This Florida Restaurant Chain Charges Customers Extra To Cover Obamacare Costs

Source: Pablo Blazquez Dominguez/Getty Images News/Getty Images

If you're planning to dine at one of the Florida restaurants owned by chain Gator's Dockside, keep this one in mind: Along with tax, tip, and the price of your food, several Gator's Dockside establishments are asking customers to chip in for Obamacare fees. Yup, you read that right. Because the Affordable Care Act requires employers to cover the health insurance of full-time employees, at least eight of the Florida chain's restaurants are charging customers a one percent surcharge to help cover the price.

If there was ever a creative way to crowdfund, this is it.

The restaurant employees won't actually receive healthcare until Dec. 2014, but Gator's Dockside wanted to get an early start on paying their Obamacare fee, which will cost them up to $500,000 per year. The one percent surcharge won't help them out that much — right now, they're estimating it will bring in $160,000 a year — but it'll help.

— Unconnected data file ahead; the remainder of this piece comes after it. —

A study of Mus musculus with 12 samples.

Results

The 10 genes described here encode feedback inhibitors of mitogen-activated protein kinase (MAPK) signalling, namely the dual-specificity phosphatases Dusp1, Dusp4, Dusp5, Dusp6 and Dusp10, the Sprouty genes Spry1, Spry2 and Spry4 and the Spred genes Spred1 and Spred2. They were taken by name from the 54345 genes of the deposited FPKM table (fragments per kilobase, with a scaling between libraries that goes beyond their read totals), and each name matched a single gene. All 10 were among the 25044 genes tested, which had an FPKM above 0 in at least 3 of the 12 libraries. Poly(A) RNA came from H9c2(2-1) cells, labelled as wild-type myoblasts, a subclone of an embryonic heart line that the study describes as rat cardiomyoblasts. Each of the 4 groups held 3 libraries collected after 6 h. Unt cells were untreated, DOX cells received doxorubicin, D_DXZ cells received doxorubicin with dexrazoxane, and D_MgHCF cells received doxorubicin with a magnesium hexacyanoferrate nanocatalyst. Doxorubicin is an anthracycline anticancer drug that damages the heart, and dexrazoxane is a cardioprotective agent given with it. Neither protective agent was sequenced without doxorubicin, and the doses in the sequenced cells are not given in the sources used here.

The chain recently placed a sign up announcing the reasons for the new surcharge, which reads:

The costs associated with ACA compliance could ultimately close our doors. Instead of raising prices on our products to generate the additional revenue needed to cover the costs of ACA compliance, certain Gator's Dockside locations have implemented a 1% surcharge on all food and beverage purchases only.

And here's copy of an infamous Gator's Dockside receipt, which isn't shy about pointing out the surcharge.

[Twitter Embed: https://twitter.com/Odd_Rantings/statuses/439109239509098496]

Now, we're just waiting for conservative pundits to take on this new development.

[Twitter Embed: https://twitter.com/UprightReformer/statuses/439122872385413120]

And even if Gator's Dockside is struggling with the additional costs the ACA incurs, Obamacare enrollment is doing better — numbers came in at 3.3 million two weeks ago.